By David Flemming
If you have solar panels connected to an electric grid in Vermont, you may have been caught off guard recently by a sizeable increase in a subtle change to the “Energy Efficiency Charge (EEC).”
While your first instinct may be to get angry at the electric utility that billed you, the charge is completely out of their hands. According to Vermont’s Public Utility Commission (which regulates Vermont electric utilities), ”EEC rates are based on customers’ consumption. For example, a customer’s total energy efficiency charge is based on the number of kWh used.” The money raised from EEC’s is given to Efficiency Vermont, which was created by the Legislature two decades ago.
In June, this utility customer “John Doe” (see statements below) generated 1202 kWh of electricity from solar that he was ‘sold’ to the Vermont Electric Cooperative utility. He also bought 54 kWh of electricity from Vermont electric in June, for when the sun wasn’t shining. By multiplying the EEC charge of $0.01188/kWh by the 54 kWh of electricity, we can see where the $0.64 EEC charge comes from.
In July, Doe generated 978 kWh of electricity from solar that he sold to Vermont Electric. He also bought 291 kWh of electricity from Vermont electric. By adding the 978 to 291, we get 1269 kWh of consumed electricity. Multiplied by $0.01188, that $15.08, as denoted Energy Efficiency Charge on the statement. This is more than 20 times the EEC charge from 1 month earlier. We can explain part of this difference by the amount of electricity Doe consumed each month: 54 kWh in June vs. 291 kWh, about 6 times as much.
But that clearly that doesn’t explain the entire difference. Simply put, the EEC is suddenly being applied to the amount of solar electricity generated, not just the non-solar electricity that was received from the grid. In effect, it becomes a “tax” on subsidized solar electricity. Read that again and see if it passes the “common sense” test.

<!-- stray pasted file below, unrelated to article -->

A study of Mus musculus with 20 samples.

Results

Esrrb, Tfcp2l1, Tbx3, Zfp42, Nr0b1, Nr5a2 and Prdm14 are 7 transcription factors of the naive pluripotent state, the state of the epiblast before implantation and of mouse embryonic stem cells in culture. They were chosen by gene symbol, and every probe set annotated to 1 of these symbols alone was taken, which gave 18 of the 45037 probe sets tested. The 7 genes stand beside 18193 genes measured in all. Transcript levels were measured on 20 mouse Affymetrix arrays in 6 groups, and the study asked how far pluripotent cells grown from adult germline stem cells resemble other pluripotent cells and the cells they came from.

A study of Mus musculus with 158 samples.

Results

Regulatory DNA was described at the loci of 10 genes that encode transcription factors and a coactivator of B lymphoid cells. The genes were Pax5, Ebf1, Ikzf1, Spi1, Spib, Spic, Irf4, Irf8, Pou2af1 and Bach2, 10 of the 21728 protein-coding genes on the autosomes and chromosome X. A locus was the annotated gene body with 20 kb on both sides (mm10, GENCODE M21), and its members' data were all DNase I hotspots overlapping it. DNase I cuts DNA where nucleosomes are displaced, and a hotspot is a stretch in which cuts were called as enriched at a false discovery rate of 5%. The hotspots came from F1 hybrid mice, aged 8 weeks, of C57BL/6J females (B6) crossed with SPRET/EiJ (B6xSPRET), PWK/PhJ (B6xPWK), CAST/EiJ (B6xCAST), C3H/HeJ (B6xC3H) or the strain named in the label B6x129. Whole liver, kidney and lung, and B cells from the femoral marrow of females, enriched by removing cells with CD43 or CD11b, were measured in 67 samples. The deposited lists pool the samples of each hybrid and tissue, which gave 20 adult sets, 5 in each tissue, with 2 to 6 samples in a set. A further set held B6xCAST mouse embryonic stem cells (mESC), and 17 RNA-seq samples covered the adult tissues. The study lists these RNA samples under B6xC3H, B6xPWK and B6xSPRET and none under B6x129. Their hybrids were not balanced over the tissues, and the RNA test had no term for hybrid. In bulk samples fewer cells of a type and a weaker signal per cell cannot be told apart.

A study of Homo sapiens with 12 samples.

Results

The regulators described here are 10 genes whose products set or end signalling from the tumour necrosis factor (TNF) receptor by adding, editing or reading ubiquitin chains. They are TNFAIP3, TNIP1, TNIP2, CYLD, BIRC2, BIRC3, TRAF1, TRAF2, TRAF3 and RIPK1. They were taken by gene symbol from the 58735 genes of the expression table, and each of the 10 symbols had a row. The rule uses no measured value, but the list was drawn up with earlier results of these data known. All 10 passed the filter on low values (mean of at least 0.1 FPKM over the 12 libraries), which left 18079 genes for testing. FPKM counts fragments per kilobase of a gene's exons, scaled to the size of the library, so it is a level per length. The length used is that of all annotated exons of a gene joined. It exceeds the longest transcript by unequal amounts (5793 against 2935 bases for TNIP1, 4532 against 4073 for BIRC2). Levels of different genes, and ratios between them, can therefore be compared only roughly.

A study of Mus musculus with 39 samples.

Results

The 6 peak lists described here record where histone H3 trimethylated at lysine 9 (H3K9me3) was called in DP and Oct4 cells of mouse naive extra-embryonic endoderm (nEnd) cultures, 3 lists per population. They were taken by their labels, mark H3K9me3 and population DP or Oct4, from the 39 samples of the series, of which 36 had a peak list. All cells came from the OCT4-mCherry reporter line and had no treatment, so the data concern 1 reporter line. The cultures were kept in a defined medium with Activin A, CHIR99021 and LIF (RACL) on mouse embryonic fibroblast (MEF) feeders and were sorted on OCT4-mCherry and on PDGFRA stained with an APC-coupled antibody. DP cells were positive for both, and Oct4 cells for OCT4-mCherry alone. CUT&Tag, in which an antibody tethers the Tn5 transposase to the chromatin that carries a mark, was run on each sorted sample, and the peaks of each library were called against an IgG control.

So Doe will have to fall back on the credit for the solar electricity he sent to the grid, which is ‘matched’ by how much electricity he consumed. In the June statement (“Net Meter Credits Applied”), that amount was $4.87 (having consumed 54 kWh @ $0.09016). In July, that amount was $43.78 (the first 100 kWh is $0.09016/kWh and the next 191 kWh priced at $0.018199/kWh).
So how much extra did Doe pay in July due to the EEC calculation change? $11.62 ($15.08 – $3.46 if the formula was kept the same). If Doe’s yearlong energy generation and consumption is similar to what it was in June and July, he will spend over $130 more each year on electricity, due to the decision of unelected government bureaucrats. Efficiency Vermont is technically “keeping (EEC) rates the same for 2021” but by changing what the Energy Efficiency Charge actually is, Efficiency Vermont will take a great deal more from their customers through EEC’s than they did in 2020. Unsurprisingly, Efficiency Vermont proposed changing the EEC’s definition in the first place.
As noted in John McClaughry’s commentary earlier this month, the Vermont Public Utility Commission is fast gaining the independence to make major economic decisions absent any legislative decree. Of course, the pretense of public input exists, in the chance for “public comment.” But zero public comments were filed for this major change in EEC’s. This cannot be healthy for democracy.
If you keep hearing from your neighbors about how they were so excited to have solar panels installed on their roofs because they are getting “free electricity,” you may want to think twice before committing to solar. There is no one alive who can predict how the Vermont Public Utility Commission and Efficiency Vermont will alter residential solar’s arrangements in the coming years.
David Flemming is a policy analyst for the Ethan Allen Institute. Reprinted with permission from the Ethan Allen Institute Blog.